Next wave of STEM scholarships helps build future of renewable energy | UniSC | University of the Sunshine Coast, Queensland, Australia


A partnership between the University of the Sunshine Coast and Queensland Hydro is growing the pipeline of local talent equipped for careers in engineering though a new STEM scholarship program for students.

Queensland Hydro 2023 scholarship recipients Matthias Kauffman and Alyssa Mantarro.

Applications are now open for the next round of scholarships, also designed to benefit the Sunshine Coast, Wide Bay and Gympie regions through funding long-term workforce development, giving more locals job-ready skills now and into the future.

Matthias Kauffman, a second-year mechanical engineering student from Gympie, is one of four UniSC students each awarded a $10,000 bursary this year from Queensland Hydro, a publicly owned entity established to help deliver the state’s clean energy future.

“The whole renewables energy sector is something I find truly fascinating so it’s an honour to receive this scholarship,” said Matthias, who is interested in a career in infrastructure development, with a focus on his local region, when he graduates.

“I’m also excited to know that this STEM scholarships program will provide pathways for current and future students to become engineers, or local students wanting to work in construction roles, whether it’s on pumped hydro or other renewable energy projects in the region.”  

Second-year civil UniSC engineering student Alyssa Mantarro, from the Sunshine Coast, is also passionate about using her degree to pursue a career in the renewables sector.

“The Queensland Hydro scholarship has been such a wonderful benefit for me this year as it has allowed me to completely focus on my engineering studies and not feel the pressure of having to do a lot of part time work to support myself.” 

UniSC Vice-Chancellor and President, Professor Helen Bartlett, said Alyssa and Mattias would graduate with the skills to make an impact in renewable energy.

“We are thrilled that they are preparing for a future in engineering with sustainability in mind, and that their efforts will be supported by Queensland Hydro, which has a fantastic ethos of nurturing the workforce talent of tomorrow,” she said.

“Sustainable development is an enormous focus at UniSC, where we have reduced our energy use by 40 percent with a solar-powered ‘water battery’ and implemented ways to minimise water use on campus, which has contributed to our recognition as third in the world for Clean Water and Sanitation in the 2023 Times Higher Education Rankings.”

The scholarship program helps to support and shape the work force of the future for Queensland Hydro’s two pumped hydro projects at Lake Borumba, near Imbil, and at Pioneer-Burdekin outside Mackay.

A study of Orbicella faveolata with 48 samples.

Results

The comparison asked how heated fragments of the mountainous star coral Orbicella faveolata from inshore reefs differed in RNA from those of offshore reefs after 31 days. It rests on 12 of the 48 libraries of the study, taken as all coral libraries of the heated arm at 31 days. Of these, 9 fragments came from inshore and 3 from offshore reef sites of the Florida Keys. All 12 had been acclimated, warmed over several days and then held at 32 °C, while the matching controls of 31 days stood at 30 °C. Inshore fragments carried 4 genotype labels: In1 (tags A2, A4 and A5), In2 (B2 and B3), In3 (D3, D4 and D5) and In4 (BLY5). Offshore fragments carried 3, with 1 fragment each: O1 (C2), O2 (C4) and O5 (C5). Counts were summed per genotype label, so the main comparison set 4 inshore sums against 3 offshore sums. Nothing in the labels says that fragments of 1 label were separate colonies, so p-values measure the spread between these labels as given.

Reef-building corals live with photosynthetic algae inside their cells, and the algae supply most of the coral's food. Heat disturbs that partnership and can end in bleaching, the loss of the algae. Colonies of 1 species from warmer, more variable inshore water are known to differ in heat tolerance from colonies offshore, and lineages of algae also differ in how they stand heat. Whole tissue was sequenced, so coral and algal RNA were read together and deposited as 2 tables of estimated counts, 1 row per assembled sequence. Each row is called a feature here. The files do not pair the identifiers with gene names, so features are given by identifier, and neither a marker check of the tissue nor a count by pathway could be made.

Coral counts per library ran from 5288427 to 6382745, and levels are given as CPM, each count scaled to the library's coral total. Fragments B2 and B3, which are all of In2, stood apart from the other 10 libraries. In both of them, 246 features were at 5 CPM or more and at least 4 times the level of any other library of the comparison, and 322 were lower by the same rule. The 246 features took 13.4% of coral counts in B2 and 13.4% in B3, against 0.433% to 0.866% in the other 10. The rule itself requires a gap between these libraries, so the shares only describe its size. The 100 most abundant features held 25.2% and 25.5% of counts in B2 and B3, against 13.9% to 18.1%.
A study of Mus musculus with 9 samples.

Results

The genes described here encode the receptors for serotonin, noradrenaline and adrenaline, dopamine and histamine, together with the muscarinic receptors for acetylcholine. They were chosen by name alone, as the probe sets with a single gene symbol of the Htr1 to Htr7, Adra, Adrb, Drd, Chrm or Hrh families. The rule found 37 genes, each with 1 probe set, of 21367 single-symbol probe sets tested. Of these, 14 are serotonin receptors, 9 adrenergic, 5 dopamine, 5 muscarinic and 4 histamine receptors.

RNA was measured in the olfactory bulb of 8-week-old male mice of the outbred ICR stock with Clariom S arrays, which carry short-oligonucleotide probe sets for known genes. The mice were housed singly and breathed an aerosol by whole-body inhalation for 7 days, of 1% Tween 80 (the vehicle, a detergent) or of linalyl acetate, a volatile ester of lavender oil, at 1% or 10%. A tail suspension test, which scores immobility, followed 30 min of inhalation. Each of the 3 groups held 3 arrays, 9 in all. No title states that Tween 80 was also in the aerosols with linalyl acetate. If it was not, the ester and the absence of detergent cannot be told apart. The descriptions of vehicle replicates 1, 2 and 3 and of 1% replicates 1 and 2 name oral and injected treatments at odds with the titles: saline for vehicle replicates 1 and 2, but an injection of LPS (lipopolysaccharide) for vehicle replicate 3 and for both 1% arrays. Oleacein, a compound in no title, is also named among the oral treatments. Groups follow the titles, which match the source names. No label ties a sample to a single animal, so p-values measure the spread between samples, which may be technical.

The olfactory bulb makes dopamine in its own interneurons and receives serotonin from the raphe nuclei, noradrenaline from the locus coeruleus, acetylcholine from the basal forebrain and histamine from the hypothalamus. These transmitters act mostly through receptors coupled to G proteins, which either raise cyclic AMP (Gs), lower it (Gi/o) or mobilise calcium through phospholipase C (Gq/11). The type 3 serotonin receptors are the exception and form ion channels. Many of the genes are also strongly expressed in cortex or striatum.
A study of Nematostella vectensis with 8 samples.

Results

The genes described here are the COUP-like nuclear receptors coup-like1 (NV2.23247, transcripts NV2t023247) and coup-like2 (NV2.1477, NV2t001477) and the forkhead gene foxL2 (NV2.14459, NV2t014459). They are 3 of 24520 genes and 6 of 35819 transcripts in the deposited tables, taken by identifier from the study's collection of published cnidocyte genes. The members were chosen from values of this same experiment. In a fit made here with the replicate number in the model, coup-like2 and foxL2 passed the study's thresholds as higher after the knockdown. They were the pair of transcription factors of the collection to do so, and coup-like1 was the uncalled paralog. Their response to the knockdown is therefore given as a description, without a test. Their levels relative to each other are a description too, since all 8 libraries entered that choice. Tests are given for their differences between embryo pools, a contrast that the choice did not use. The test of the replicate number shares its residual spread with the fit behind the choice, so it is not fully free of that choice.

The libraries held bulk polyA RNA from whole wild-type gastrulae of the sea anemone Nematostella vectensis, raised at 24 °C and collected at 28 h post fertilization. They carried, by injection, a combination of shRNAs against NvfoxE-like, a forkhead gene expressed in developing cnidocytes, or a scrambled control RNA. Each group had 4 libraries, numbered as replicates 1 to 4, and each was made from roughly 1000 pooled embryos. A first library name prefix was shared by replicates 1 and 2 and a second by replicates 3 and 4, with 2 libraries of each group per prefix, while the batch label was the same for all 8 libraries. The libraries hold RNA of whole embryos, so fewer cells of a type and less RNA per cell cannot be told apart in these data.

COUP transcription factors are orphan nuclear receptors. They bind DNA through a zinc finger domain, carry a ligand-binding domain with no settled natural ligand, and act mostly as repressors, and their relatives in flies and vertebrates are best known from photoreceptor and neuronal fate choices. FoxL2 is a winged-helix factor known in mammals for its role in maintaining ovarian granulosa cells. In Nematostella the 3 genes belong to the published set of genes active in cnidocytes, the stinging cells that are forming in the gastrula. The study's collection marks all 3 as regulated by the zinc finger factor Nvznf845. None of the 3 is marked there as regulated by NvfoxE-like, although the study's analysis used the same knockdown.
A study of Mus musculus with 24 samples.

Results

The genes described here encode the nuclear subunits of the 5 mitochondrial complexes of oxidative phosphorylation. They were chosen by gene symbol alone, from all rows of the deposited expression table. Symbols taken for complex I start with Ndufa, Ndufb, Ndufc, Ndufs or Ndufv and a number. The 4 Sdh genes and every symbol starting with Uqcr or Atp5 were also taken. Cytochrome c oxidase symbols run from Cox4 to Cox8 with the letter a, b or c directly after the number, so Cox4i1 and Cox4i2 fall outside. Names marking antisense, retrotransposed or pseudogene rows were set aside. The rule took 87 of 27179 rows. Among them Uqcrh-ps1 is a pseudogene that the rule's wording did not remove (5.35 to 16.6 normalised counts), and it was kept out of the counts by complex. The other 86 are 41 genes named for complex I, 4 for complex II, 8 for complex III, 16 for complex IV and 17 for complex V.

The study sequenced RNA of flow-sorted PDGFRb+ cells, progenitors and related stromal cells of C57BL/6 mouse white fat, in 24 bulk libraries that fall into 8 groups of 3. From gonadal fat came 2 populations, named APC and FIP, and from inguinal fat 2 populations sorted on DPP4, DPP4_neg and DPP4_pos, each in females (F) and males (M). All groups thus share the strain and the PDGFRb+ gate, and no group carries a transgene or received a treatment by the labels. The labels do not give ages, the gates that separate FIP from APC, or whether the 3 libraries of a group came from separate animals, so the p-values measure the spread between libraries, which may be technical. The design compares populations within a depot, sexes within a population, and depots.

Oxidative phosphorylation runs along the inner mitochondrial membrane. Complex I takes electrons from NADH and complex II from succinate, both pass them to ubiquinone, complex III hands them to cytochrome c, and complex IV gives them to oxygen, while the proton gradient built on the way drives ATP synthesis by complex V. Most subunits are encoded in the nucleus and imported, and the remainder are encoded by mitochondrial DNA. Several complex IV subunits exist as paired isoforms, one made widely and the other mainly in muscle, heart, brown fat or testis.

UniSC students have until 30 November to apply for the Queensland Hydro Scholarship. Priority is given to students who resided around the Borumba Project footprint.

Dean of UniSC's School of Science, Technology and Engineering Professor Stuart Parsons, Pro Vice-Chancellor (Global & Engagement) Alex Elibank Murray, Matthias Kauffman, Alyssa Mantarro, Queensland Hydro Borumba Project Director Leah McKenzie and Member for Nicklin Rob Skelton.

Borumba Project Director Leah McKenzie said the Queensland Hydro was delighted to be able to support University of Sunshine Coast engineering students like Alyssa and Matthias, as well as the next wave of scholarship winners.

“We believe it’s an exciting and unique opportunity for them to receive financial support and some inspiration from a project which is a centrepiece of the renewable energy transformation,” she said.

“In this current climate of cost-of-living pressures, these scholarships will also help provide some relief for students who have demonstrated a financial need as well as fulfilling other key criteria.

“They are also designed to bring benefit to the region through supporting long-term workforce development, giving more locals job-ready skills now and into the future.

“Queensland Hydro will inject tens of millions of dollars into the local regional economy over coming years and, if given the go ahead, the Borumba project will create over 2000 construction jobs once construction hits full speed in 2025.”  

Member for Nicklin Rob Skelton said the Queensland Energy and Jobs Plan outlined how Queensland’s energy system would transform to deliver clean, reliable and affordable energy to provide power for generations with a focus on driving regional economic opportunities and creating thousands of jobs in the regions.

“A vital component of this is providing our future workforce with the support to be part of that and the student engineers of today will form a critical part of the clean energy sector workforce of the future,” he said.

“We have shown a vision for the future through the QEJP, and we want local students and local workers and businesses to be at the heart of this vision and part of the rollout of the big projects like pumped hydro which are the cornerstone of the energy transformation.

“The project is a ‘game-changer’ for the region and hopefully these scholarships are a ‘career-changer’ for the brightest and best engineering students at UniSC, who this scholarship program is helping to support,” he said.